Bae's first PGA Tour win a doozy
How does Graeme McDowell stack up in the U.S. Open?
Sang-Moon Bae fired a 1-under 69 in the final round Sunday to overtake Keegan Bradley and record his first win on the PGA Tour at the Byron Nelson. Our experts analyze that and other pressing topics in golf in our latest edition of Monday Four-Ball:
1. Did Sang-Moon Bae win the HP Byron Nelson Championship, or did Keegan Bradley lose it?
Michael Collins, ESPN.com senior golf analyst: Bae won. First, it's extremely hard to hold a lead for three nights, and not many people do it. But more importantly, on a day when winds were gusting close to 30 mph and only six guys shot better than 2 under, Bae shot 69 and won. Also, he was one of only three to shoot four rounds in the 60s.
Farrell Evans, ESPN.com senior golf writer: Bae really won the tournament on Sunday with four birdies in his first seven holes to take a commanding lead. Then he just held on through some very poor ballstriking on the back nine to take his first career win. Bradley shot a 2-over 72 in his final round. It's next to impossible to win on the regular PGA Tour with a finish like that.
Bob Harig, ESPN.com senior golf writer: Bae had a strong final round, but it is hard not to think Bradley let this one get away. He shot a first-round 60, led after each of the first three rounds and had bounced back to forge a tie late in the final round before missing a 4-footer that cost him the lead for good.
More from ESPNDallas.com
Keegan Bradley felt as if he had all the momentum until a short miss on the 16th hole ruined any comeback hopes he had in the final round of the Byron Nelson, Randy Jennings writes. Notebook
2. Graeme McDowell has won twice in a month, the latest his win at the Volvo Match Play Championship. How does he stack up as a contender for the U.S. Open at Merion?
Collins: McDowell will be Tiger Woods' biggest threat at the U.S. Open. And even though he missed the cut at The Players, he won on a tough, tight golf course in Hilton Head. Merion is a course that should fit McDowell well if it's firm and fast. Don't forget he finished tied for fifth at the WGC Match Play earlier this year, so if he gets in a playoff, he won't blink.
Evans: G-Mac has to rank up there with Tiger when we talk about favorites at Merion. No matter how a course shapes up for your game, there is nothing like the confidence of winning.
Harig: Regardless of his win Sunday, G-Mac has always seemed to be a strong choice for Merion. Merion should be similar in style -- on the short side, with small greens -- to Harbour Town, where he won last month. And the 2010 U.S. Open champion tied for second last year at Olympic.
3. This week marks the 10-year anniversary of Annika Sorenstam playing at the Colonial. Is it a good idea or a bad idea for women to play in men's events?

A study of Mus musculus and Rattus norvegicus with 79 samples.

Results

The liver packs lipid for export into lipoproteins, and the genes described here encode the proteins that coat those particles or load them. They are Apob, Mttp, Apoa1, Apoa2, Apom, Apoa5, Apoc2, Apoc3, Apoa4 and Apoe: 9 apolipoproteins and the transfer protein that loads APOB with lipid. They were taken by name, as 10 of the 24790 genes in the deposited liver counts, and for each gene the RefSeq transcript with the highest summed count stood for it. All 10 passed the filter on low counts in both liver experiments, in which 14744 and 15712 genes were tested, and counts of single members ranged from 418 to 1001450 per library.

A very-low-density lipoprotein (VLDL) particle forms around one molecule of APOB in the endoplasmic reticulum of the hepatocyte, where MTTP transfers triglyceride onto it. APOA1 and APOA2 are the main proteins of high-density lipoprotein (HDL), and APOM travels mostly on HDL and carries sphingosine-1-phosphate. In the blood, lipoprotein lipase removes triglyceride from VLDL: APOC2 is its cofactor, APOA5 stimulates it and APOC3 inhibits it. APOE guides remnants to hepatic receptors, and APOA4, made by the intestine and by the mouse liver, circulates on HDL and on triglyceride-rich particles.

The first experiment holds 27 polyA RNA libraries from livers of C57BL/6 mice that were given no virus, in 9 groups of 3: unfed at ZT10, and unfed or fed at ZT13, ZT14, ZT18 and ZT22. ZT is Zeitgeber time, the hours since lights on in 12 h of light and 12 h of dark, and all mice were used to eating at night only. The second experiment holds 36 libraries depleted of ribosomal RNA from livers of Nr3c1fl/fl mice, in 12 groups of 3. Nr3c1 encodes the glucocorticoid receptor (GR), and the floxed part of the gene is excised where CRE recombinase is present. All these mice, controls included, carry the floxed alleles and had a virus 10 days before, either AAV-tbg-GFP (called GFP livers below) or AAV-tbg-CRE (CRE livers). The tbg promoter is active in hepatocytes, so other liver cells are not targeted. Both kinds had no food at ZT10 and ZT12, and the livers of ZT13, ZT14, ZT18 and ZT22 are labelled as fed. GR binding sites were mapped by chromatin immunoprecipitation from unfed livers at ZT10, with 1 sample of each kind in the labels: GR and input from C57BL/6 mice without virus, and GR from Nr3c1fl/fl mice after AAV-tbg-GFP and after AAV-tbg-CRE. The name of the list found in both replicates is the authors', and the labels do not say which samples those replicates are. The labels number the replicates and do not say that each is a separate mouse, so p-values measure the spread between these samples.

Collins: It's a great idea. I'd be lying if I didn't say I believe in our lifetime we will see a woman make the cut in a PGA Tour event. Annika had an amazing first round. Michelle Wie came close after two rounds in 2004. Those two occasions were huge for the game of golf regardless of gender. Imagine what it will be like when a woman plays the weekend!
Evans: Bad idea. The women have a strong tour. There is no reason ever to play in an event just to check off a box on your career achievements. I hope we remember Annika more for her 72 LPGA Tour wins than we do for the time she played with the men.
Harig: In Sorenstam's case, it was a good idea, one that showed how talented she was -- despite her missing the cut. But, generally, what is the point? For Wie, trying to qualify for or play in men's events ended up hurting her game, although it brought great attention, which is ultimately the point. It has to be a special, unique case.
4. The long-awaited decision on anchored putting is due Tuesday. After months of wrangling, how do you think this will play out?
Collins: I think the two-and-a-half years to implement are the cushion needed for the court battle that's coming if this happens. I wonder how many judges use an anchored putter? Would they have to excuse themselves? Or if a judge didn't anchor, could he/she be fair and unbiased? Every judge I know golfs. Seriously, though, both sides say the sky is falling, but, no matter what happens, in 10 years, it won't be a big deal either way.
Evans: The USGA will go ahead with the proposed ban. I don't see how it would backtrack now, regardless of the sentiments of the PGA Tour. But I do think the ruling bodies will make a concession by leaving the door open for different sets of rules for amateurs and for pros.
Harig: The USGA/R&A are going to go ahead with the ban they proposed back in November. But that won't be the end of the story. Will the PGA Tour go along? Or will it enact the ban earlier than 2016, when it would go into effect? Will anybody sue? Anchored putters will continue to be a big topic of discussion.